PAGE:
Any pilot wishing to fly the new PC-24 must start by completing type-specific training. This includes theoretical basics, which the pilot then goes on to apply in the simulator. This training allows pilots to familiarise themselves with the aircraft in a "real-life environment", right up to the acquisition of a type rating, without actually having to fly the PC-24. Pilatus Aircraft Ltd
The advent of the jet era at Pilatus takes the company into as yet uncharted territory in terms of pilot training. The PC-24 classified as a multi-engine aircraft, is subject to strict training requirements. For this purpose, Pilatus has teamed up with the leading aviation training organisation FlightSafety International (FSI). In the past four years, working in close consultation with Pilatus, FSI has developed the entire PC-24 training programme plus simulator. Type rating training for the PC-24 takes three weeks and is available to customers at the FSI Training Centre in Dallas, Texas, USA and from end of 2019 in Paris, France.
Flight simulator as core piece of training
In addition to the theory modules, training focuses on learning and memorizing cockpit procedures using graphic training devices plus a full-motion simulator (Level D). The simulator offers a highly realistic environment in which to train every conceivable scenario in safety. The cockpit, the controls and all system functions are identical to the actual aircraft. A high-resolution visual system provides an amazingly true-to-life view from the cockpit, where the operating environment and topography are projected in every detail, representing any time of the day and choice of weather conditions. The departure location may be freely selected from the global map database, allowing the pilot to train specific arrival and departure procedures, for example into London City Airport (EGLC).
The features, coupled with a motion system, are so close to the real-life experience that the pilot under training is unable to register any difference to the actual aircraft. Each course includes at least 14 training hours in the simulator. This, combined with the outstanding degree of realism, allows complete pilot training without actually having to fly the aircraft itself, thereby delivering a considerable reduction in training costs.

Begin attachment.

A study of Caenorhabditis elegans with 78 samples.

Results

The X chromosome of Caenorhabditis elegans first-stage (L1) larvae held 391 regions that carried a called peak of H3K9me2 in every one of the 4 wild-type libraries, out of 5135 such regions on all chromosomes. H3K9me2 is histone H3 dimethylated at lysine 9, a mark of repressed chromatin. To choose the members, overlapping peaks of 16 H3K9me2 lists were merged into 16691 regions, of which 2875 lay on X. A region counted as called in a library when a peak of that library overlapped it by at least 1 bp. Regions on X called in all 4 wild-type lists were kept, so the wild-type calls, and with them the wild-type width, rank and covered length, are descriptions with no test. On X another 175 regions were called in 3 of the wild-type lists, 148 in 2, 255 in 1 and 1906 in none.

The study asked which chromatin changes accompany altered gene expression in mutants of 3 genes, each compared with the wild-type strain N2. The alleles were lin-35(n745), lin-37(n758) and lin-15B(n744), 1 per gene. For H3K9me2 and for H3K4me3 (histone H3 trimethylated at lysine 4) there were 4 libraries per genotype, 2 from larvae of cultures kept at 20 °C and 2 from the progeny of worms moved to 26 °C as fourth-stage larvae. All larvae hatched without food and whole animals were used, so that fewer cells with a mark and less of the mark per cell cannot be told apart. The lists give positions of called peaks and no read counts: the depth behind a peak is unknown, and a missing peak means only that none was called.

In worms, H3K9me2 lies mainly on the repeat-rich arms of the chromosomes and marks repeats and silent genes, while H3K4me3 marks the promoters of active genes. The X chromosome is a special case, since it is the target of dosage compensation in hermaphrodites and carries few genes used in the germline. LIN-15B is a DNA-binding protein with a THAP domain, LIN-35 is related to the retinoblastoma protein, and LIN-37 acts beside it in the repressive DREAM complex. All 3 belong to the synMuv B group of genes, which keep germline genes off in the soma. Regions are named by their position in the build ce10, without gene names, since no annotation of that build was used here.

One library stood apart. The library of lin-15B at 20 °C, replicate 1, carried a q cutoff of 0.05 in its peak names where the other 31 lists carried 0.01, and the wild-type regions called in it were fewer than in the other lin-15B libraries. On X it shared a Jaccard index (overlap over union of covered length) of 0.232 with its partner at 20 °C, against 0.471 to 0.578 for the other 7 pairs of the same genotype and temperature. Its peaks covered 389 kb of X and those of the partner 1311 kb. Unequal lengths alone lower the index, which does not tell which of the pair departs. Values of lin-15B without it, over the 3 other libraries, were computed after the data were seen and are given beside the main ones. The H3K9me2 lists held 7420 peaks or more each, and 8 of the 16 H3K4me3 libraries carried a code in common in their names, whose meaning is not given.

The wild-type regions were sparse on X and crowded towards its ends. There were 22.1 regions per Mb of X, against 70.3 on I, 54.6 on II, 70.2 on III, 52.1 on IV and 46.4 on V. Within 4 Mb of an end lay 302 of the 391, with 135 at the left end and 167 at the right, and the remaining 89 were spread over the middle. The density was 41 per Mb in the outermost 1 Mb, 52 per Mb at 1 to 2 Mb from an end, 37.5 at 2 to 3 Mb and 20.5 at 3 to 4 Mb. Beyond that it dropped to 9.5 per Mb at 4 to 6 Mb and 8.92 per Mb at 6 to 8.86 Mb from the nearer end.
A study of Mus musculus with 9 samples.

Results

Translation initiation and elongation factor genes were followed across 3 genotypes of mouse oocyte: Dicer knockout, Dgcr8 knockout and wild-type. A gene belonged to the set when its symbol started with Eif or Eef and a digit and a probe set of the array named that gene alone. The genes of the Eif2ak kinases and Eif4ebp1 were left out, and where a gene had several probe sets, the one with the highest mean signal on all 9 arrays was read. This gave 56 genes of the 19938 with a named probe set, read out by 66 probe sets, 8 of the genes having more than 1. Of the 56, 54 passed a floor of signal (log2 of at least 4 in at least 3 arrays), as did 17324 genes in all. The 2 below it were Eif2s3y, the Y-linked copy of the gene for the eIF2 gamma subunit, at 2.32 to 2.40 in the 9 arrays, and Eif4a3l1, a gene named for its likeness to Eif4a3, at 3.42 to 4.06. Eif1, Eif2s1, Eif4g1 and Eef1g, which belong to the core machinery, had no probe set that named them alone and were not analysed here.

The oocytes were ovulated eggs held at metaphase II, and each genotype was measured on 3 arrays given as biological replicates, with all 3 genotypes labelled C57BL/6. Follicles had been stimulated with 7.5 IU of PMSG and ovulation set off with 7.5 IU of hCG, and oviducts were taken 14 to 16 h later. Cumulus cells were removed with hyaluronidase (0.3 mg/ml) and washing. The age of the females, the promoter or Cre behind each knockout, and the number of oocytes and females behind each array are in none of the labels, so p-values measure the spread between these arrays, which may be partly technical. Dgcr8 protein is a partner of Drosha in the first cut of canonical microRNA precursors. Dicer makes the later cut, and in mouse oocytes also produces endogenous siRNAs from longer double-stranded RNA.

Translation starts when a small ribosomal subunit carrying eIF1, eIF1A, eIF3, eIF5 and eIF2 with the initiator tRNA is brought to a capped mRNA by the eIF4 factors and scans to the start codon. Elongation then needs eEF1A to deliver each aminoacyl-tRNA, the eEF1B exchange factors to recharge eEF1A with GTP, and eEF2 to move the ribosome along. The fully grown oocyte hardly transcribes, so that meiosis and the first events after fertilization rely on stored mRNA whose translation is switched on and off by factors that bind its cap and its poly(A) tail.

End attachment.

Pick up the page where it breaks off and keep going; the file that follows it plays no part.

How the PC-24 simulator was built
The simulator was developed using PC-24 design data and parts. Pilatus engineering teams provided the required development data from the aircraft, forming the basis for designing and programming the simulator. Much of the work revolved around the collection and processing of large volumes of flight test data obtained during the PC-24 flight test programme. These represent the entire aircraft-operating envelope at all speeds, attitudes and altitudes – even beyond official operating limits – and were converted into an aerodynamic model for the simulation software. When paired with the systems data, which are also sourced directly from the aircraft, the software controls and actuates all systems, control forces, motion dynamics, flight and display systems, as well as the vision system itself.
The simulator as such, comprising of the motion system with six electromechanical actuators, the interior with cockpit and instructor station and all control units, is a modular system designed by FSI. The real PC-24 cockpit with a full avionics suite was integrated and coupled with the simulator function. Various system verifications and fine adjustments were performed with Pilatus pilots to ensure that all functions match the aircraft faithfully.
Customer training gets underway
The pilot training and its simulator were completed and certified in time for the delivery of the first PC-24 in January 2018, after which the first pilots from the American customer, PlaneSense, were successfully trained. Some 100 pilots will have taken the course by the end of 2018, qualifying them to operate the PC-24 safely around the world.